Oral Presentation Session
Reviewed by: Association for Queer Anthropology
Of interest to: Practicing and Applied Anthropologists, Teachers of Anthropology in Community Colleges, Students
Primary Theme: Identity and Equity
Secondary Theme: Technology
This panel contemplates the ways online spaces contribute to formations of gender and sexuality in the Global South. Much scholarship on social media has focused on the Global North, emphasizing the usefulness of these platforms for, among other things, political organizing (Juris, 2012), negotiating interpersonal relationships (Gershon, 2010), and as a testing ground for new and emerging subjectivities (Raun, 2015). Significantly less scholarly work has explored the impacts of social media use as it relates to situated ways of living gender and sexuality in the Global South, despite high rates of social media penetration in this region. Panelists will explore various articulations of gender and sexuality in online spaces as a mode of imagining the self—broadly understood—and associated phenomena such as subjectivity, futurity, and aspiration. In understanding online media as inextricable, rather than separate from “offline” experiences, subjectivities, and identities, these uses of social media may be key to understanding the ways in which individuals in the Global South engage with social media to manifest emergent forms of lived gender and sexuality both on- and offline.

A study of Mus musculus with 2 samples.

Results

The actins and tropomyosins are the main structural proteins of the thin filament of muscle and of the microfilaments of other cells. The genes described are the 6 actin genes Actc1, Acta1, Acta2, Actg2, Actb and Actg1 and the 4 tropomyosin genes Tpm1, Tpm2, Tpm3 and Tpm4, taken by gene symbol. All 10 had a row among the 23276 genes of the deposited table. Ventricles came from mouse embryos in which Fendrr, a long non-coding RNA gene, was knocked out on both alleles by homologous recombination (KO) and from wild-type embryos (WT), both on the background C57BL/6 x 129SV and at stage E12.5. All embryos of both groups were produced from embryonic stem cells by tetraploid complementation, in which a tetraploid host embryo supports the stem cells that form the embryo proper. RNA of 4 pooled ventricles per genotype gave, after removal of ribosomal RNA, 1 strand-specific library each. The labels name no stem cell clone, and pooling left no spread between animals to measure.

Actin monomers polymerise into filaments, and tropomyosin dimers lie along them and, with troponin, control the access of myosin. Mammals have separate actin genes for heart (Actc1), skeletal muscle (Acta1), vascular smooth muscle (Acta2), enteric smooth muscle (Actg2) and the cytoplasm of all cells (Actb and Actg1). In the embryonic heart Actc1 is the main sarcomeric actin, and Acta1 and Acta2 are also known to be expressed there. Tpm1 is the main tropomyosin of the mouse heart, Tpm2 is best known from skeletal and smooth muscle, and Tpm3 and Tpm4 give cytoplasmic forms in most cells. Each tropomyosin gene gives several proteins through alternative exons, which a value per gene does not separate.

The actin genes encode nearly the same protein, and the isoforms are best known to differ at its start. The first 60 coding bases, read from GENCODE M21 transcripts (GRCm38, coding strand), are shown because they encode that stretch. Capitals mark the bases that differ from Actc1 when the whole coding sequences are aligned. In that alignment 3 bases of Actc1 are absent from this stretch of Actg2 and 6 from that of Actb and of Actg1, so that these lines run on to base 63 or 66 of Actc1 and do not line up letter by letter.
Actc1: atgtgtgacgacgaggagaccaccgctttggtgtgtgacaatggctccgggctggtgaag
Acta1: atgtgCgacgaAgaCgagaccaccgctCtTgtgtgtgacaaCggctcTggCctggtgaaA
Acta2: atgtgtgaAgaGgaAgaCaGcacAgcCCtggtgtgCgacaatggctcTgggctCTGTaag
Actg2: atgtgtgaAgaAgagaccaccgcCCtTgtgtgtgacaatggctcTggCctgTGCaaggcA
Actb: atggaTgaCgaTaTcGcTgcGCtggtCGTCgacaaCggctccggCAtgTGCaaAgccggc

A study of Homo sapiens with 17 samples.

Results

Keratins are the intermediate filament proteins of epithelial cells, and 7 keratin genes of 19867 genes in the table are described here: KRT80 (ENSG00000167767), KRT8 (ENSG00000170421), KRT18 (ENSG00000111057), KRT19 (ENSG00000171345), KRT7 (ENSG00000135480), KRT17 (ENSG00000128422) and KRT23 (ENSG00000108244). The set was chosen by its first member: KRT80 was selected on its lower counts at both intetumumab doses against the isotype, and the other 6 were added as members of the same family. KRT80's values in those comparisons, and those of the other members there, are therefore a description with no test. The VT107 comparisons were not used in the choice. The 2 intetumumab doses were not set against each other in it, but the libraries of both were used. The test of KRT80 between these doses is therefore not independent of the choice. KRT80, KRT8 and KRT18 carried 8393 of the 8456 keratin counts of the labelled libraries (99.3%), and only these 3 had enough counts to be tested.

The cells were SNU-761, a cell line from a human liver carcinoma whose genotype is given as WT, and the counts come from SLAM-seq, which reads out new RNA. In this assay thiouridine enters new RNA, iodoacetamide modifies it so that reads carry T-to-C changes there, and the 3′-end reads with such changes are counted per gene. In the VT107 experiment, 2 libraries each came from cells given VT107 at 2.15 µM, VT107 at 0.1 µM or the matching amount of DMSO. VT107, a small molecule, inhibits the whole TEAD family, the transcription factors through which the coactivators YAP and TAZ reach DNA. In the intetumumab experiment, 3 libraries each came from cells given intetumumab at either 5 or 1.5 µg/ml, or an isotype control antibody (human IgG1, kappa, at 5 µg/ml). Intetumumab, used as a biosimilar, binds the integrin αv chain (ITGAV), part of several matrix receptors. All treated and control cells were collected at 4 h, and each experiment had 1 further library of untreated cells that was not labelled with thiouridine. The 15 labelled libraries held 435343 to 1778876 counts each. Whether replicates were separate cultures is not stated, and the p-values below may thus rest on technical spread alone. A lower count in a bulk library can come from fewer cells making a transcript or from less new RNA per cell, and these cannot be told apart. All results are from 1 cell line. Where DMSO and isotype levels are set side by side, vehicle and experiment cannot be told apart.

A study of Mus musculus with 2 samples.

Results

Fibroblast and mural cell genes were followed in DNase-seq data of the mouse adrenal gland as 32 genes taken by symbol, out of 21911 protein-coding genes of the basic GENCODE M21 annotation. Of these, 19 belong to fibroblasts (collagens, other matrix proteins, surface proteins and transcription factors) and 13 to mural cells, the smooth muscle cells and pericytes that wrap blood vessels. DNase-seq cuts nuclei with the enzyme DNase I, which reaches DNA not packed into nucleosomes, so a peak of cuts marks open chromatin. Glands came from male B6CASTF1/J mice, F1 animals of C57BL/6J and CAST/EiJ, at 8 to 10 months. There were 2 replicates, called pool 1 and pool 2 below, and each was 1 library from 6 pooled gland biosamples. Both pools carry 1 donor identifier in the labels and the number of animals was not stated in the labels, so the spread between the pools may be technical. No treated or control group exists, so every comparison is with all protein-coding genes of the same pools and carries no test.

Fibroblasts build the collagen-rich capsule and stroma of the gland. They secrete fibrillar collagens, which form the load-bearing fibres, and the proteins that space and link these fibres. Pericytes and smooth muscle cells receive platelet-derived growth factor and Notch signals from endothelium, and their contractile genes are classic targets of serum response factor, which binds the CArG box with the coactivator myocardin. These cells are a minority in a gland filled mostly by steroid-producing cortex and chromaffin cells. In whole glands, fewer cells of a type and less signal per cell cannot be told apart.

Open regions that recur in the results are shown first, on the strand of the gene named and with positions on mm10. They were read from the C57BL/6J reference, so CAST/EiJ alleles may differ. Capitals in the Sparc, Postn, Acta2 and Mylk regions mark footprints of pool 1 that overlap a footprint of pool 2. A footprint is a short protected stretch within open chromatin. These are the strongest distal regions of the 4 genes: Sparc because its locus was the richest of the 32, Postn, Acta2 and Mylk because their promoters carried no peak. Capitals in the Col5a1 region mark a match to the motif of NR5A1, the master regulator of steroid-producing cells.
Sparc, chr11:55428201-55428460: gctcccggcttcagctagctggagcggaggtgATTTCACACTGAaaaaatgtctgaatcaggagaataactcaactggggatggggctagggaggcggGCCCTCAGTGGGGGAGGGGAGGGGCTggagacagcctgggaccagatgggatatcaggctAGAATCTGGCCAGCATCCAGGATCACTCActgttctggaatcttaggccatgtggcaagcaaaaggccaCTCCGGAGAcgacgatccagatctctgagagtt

The papers in the session vary greatly in geographical region, but maintain a common focus on the intersections between Global South realities, social media, and the construction and performance of gender and sexuality as they relate to the formation of the self. One paper analyzes the uses of social media for trans activism in Santiago de Chile, proposing the “archive of the self” as a useful analytic for social media use among marginalized populations. A second submission analyzes the mutually constitutive nature of intimate expression and political expression in social media use by Nepali teenagers. The third paper explores a unique social media platform for women that has emerged in China where Facebook and Twitter are banned. The final paper looks at the co-construction of masculinity, mestizaje and notions of nationalism tied up with modernity, as produced through memes in a peripheral zone of Chile. This panel seeks to destabilize the notion of social media as technologies of the Global North, proposing that their arrival in the Global South has led to unique and innovative constructions of gender, sexuality, and the self.